John Engle
Articles (529) 

Has Berkshire’s Cash Pile Become a Liability?

Warren Buffett is having trouble deploying his $137 billion warchest

June 24, 2020 | About:

For years, Berkshire Hathaway (BRK.A) (BRK.B) has been hoarding cash, amassing a warchest that could be deployed to great effect in the event of a market shock, much as it did during the Financial Crisis.

Yet, when the market finally stumbled in the face of severe economic headwinds brought about by the outbreak of the Covid-19 pandemic, Buffett was nowhere to be seen in the markets.

Cash as a call option

As I have discussed in previous articles for GuruFocus, Berkshires cash pile has widely been viewed as a powerful resource waiting to be deployed by Berkshire's CEO Warren Buffett (Trades, Portfolio) when the time is right. In essence, Berkshires cash was supposed to be a sort of call option to be exercised when the long bull market finally faltered.

Berkshire has lagged the broader stock market for years, and has only managed to keep pace with the S&P 500 thanks to the raft of sweetheart deals made in the teeth of the last financial crisis. Many investors hoped for a similar situation to play out in this crisis. Thus far, they have been disappointed.

Heading into 2020 with $127 billion in cash and cash equivalents, Berkshire had enormous resources at its disposal. Thus, when the market crashed in the first quarter, many investors thought Buffett would spring into action. Yet, Buffett opted to stay his hand. In fact, rather than dive into beaten-down positions, Buffett actually ditched some of his largest positions, such as the four major U.S.airline stocks.

Fears of option decay mount

Even before the current economic crisis, not everyone was convinced of Berkshires ability to put its vast cash reserves to work effectively. Investors were proving increasingly skeptical of the value of Berkshires cash reserves. David Rolfe (Trades, Portfolio) of Wedgewood Investments, for example, blasted Berkshires continued cash accumulation in his October investor letter, reversing his prior conviction that it represented a valuable call option on opportunity in the hands of one of the most elite capital allocators extant. Rolfe things Berkshire will need to start deploying cash if it ever hopes to achieve market-beating performance:

The efficacy of putting this cash pile to work (plus +$25 billion in annual operating cash flows in Omaha) will be paramount if Berkshire Hathaway is to once again regain their former status as a meaningful grower over just baseline U.S. GDP growth."

During the first quarter, Berkshires cash pile actually grew, rising to a record $137 billion. Instead of seizing an apparent opportunity to inject new life into Berkshire, it appeared that Buffett was letting the crisis opportunity slip away.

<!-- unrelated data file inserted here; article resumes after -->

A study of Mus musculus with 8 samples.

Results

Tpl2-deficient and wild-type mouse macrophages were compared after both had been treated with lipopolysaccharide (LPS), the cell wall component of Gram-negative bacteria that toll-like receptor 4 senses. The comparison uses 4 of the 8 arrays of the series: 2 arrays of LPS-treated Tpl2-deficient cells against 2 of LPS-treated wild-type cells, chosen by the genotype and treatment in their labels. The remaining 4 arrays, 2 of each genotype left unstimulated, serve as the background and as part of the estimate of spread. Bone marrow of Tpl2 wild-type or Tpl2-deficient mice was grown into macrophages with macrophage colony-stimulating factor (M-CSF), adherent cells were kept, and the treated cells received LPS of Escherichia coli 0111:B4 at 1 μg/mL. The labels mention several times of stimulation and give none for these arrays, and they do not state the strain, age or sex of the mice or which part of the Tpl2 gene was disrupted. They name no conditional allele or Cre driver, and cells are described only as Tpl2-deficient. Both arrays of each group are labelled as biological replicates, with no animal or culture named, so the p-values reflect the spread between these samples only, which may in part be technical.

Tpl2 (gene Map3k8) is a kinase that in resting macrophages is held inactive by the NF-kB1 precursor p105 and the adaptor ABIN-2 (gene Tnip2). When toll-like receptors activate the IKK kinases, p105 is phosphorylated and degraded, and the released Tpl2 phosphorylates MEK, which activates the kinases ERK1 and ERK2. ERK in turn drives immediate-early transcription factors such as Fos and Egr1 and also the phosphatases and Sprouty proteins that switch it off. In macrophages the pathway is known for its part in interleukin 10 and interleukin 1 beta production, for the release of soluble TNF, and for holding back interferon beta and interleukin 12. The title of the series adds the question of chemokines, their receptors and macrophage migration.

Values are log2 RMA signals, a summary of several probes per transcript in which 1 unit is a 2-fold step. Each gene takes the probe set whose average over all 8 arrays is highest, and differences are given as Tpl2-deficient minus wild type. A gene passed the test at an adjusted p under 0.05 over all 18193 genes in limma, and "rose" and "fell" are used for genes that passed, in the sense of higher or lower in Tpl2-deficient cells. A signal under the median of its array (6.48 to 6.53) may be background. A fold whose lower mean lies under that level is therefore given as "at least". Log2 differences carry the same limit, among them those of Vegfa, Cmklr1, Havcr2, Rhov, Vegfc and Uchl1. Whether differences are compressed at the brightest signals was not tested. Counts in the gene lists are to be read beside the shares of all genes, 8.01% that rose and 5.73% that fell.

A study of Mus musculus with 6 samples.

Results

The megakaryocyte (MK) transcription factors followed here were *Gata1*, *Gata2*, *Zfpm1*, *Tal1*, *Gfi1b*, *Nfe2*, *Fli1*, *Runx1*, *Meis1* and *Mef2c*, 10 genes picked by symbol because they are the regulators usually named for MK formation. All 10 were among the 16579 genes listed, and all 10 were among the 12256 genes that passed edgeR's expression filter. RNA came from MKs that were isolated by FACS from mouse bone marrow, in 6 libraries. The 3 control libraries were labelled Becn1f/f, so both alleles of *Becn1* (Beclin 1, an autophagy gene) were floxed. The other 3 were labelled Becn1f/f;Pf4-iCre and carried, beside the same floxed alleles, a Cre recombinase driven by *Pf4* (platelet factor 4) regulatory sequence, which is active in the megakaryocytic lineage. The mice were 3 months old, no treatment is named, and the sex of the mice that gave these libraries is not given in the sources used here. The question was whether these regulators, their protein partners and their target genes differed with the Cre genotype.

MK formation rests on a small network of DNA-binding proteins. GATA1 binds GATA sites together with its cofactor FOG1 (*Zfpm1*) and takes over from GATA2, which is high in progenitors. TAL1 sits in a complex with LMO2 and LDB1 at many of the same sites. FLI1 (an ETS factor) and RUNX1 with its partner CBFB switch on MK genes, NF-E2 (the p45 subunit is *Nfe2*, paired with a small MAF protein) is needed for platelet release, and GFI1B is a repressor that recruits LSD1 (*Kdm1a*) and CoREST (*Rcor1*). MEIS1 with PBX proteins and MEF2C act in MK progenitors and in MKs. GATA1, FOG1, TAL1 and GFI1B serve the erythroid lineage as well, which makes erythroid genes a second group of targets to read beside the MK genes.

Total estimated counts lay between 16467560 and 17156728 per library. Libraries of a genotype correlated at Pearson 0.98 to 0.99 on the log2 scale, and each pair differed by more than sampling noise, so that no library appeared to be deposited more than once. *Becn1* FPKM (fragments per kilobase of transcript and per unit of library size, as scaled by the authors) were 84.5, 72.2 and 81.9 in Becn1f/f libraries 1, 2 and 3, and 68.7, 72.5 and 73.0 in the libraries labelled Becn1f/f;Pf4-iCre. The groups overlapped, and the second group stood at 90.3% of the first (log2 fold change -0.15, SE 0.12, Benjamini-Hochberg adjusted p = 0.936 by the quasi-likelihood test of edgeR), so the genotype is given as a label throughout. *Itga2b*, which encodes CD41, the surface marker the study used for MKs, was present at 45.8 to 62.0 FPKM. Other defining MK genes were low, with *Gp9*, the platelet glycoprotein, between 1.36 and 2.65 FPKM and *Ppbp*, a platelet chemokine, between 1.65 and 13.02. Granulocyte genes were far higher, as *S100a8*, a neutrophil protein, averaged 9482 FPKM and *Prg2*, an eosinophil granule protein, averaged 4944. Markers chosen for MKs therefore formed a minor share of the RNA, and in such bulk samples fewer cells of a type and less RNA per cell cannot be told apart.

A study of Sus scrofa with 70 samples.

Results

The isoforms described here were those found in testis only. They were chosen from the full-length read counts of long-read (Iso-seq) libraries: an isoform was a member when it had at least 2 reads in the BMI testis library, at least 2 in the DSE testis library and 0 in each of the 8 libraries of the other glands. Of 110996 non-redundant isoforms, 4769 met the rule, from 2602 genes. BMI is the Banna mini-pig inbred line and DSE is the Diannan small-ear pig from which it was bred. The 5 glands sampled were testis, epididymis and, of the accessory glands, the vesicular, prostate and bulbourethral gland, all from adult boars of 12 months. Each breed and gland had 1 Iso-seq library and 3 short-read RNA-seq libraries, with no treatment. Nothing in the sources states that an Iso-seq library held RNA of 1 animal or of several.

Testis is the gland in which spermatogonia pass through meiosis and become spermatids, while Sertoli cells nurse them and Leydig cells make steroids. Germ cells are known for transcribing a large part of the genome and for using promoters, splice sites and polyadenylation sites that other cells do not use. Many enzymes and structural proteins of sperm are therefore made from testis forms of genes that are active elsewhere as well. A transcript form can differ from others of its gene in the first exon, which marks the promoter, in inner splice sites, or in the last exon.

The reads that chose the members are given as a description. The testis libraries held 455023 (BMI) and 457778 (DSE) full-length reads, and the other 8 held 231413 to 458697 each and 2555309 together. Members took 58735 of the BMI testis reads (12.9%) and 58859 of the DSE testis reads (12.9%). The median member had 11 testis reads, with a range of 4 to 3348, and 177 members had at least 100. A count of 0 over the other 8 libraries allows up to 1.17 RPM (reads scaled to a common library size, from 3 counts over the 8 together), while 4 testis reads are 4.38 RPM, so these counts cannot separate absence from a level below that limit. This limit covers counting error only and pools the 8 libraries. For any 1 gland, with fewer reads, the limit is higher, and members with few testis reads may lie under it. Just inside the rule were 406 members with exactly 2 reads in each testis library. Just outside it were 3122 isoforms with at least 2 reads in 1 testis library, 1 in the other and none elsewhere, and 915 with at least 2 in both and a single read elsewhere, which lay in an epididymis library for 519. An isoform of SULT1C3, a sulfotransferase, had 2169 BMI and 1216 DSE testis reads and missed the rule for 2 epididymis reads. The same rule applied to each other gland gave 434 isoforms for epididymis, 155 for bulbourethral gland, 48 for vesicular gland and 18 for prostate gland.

Optionality goes out of style

If Berkshire will not put its cash pile to work during the worst market rout in more than a decade, when will it?

The answer seems to have more to do with exogenous factors than with any internal pathology. Specifically, the federal government has proven phenomenally generous to ailing companies during the Covid-19 crisis. When General Motors (GM) was forced into bankruptcy in 2009, the federal government extended a lifeline that effectively wiped out the troubled automakers equity. This time around, many troubled firms have received massive government cash infusions in exchange for little more than a handful of warrants and modest operating concessions.

There is little reason for the managers of a beleaguered company to seek out Buffett for a rescue deal when they can get better terms from the government. As The Rational Walk, an equity research firm, observed on June 11, Berkshires cash call option has little value under such circumstances:

BRKs cash, diligently accumulated over years, was supposed to represent optionality in a market panic. But when the supply of dollars is unlimited, when the Fed guarantees ZIRP for years, when asset prices are inflated due to encouragement of speculation, cash is just a drag.

In a world where borrowing is cheap and governments will backstop any major business, private rescuers are likely to fall out of style. Such has been the case for Berkshire.

My verdict

My recommendation to investors is to watch Berkshires cash closely in the coming quarters. If Buffett cannot deploy it externally, he may soon feel compelled to spend it internally. While the Oracle of Omahas long-standing antipathy toward dividends is not likely to soften, he may well decide to expand Berkshires buyback program. That could result in considerable tailwinds for the conglomerates stock.

Disclosure: Author is long Berkshire Hathaway.


John Engle
John Engle is president of Almington Capital Merchant Bankers and chief investment officer of the Cannabis Capital Group. John specializes in value and special situation strategies. He holds a bachelor's degree in economics from Trinity College Dublin, a diploma in finance from the London School of Economics and an MBA from the University of Oxford.